This article is reprinted from the September 1955 issue of Ideas on Liberty.
When the new superintendent came to the orphanage where I was reared, he found that we kids were not allowed to earn or have any spending money. So one of the first things he did was to tell us that if we were able to earn any money in our spare time, we could keep it or spend it as we pleased. We listened. But since none of us knew how to go about earning extra money, nothing happened. Then one 15-year-old boy had a brilliant idea.
We were all attending a movie. The program included a “short” on fishing. All of us saw a group of fishermen in the movie pay cash for live bait—minnows. But only one of us was able to apply this idea to our own situation.
“We have a creek full of minnows,” Jack pointed out to the rest of us. “Why can’t we earn money by selling live bait to the fishermen at Timber Lake?”
We just listened. Even when the possibility was explained to us, it still didn’t register. So Jack worked out his plan alone. He knew that the variety of minnows called chubs was best for bait, because we had used them when fishing in our own small pond. So Jack went to Timber Lake to check the demand and price for chubs. The rest of us continued to wait and watch, skeptically.
Jack found that the demand was good and the going rate was fifty cents a dozen. His sales talk to the fishermen was simple and effective. He just said: “We sell chubs for thirty-five cents a dozen out at the orphanage.”
The next day there were eleven customers, not enough chubs to go around, and much confusion. Then the superintendent stepped in. He organized seventeen of us into a company with Jack as the president. Jack’s job was to count and store the minnows we other kids caught, sell them to the customers, and keep the books on the project. We all agreed that Jack should keep a nickel from each thirty-five cent sale he made for us. The money was divided from time to time, each of us getting whatever percentage the books showed he had contributed.
All of us were happy. We now had spending money for candy, cokes, and vital things like that. But then we discovered that the president of our company, the boy who had thought up the idea, got more money than any of us! And frankly, we didn’t like it.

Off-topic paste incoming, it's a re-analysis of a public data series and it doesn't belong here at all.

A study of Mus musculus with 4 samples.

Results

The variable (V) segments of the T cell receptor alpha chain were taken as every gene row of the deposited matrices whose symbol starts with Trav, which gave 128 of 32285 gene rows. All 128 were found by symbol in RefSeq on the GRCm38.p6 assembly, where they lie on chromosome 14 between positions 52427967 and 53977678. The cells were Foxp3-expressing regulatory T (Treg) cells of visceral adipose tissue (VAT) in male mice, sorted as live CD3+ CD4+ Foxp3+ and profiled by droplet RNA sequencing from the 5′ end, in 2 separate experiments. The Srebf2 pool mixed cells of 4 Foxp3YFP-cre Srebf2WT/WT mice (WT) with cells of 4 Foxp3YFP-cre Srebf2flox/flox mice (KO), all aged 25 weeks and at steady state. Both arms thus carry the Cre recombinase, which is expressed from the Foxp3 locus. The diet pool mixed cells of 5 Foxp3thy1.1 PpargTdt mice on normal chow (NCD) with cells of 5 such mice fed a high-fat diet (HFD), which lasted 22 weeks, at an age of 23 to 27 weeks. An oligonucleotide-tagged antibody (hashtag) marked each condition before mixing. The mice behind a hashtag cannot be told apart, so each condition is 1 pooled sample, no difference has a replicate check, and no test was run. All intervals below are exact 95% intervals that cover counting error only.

We could see the logic behind giving the most money to the fellow who caught the most minnows, but none of us could see why the president should get more than even the best fisherman. After all, what did he do? Did he catch any chubs? Did he have to wade in the water and get his shoes and overalls wet? As far as we could see, all he did was take for himself a part of our earnings. And we were on the verge of a small revolution when the superintendent entered the picture again.
He said: “Before Jack thought up this idea, none of you had any money.” That was true.
“Has he taken anything from you that you had before?” No he hadn’t, since we didn’t have anything before.
“Would you have any spending money now, if he hadn’t showed you how to earn it?” I wasn’t sure about that. Since it was such a simple idea, I secretly felt that I would have thought it up the next day, if Jack hadn’t beat me to it. Anyway, suppose he did think it up? That was two months ago!
“Do any of you care to quit your job with the company?” the superintendent asked. None of us did, because then we might be back where we started—with no money at all.
“If any one of you wants to quit, you can do so and go into business for yourself, find your own customers, sell your own minnows, and keep the entire thirty-five cents.” But the superintendent got no takers on that suggestion. None of us wanted to take the risk of losing a reasonably sure thirty cents for the mere possibility of gaining an extra five cents. All we had in mind was a more equal split of the company’s income.
The superintendent concluded: “It seems to me that none of you should begrudge the fact that Jack gets about three times as much money as most of you. Without him, you would probably have less than you now have, and possibly you wouldn’t have any.”
I can see now that the superintendent was trying to explain to us that, as far as we were concerned, Jack had created a new source of wealth. He was trying to tell us, in a nice way, that Jack’s brain was more valuable than our brawn. He was pointing out that while Jack was making a considerable amount of money for himself, he was also making money for the rest of us. But I couldn’t see that when I was sixteen years old. All I could see was that Jack had more money than I had; that I worked harder and longer than he did; and that he was taking an unfair share of my money. And, logic or no logic, we kids would have changed that situation if it had been put to the test of a majority vote.
No one expected us teen-age kids to be deep-thinking economists. We operated mostly by emotion and feeling instead of reason and logic. While most of us outgrew that immaturity, some didn’t. And they found many other grown men and women—voters all—who agreed with them that the government should use taxes and subsidies to make all incomes more equal.
I wish there were some way I could convince those people of this idea: Even from the materialistic viewpoint of their own selfish interests, they would be better served by not taking the capitalists’ profits away from them.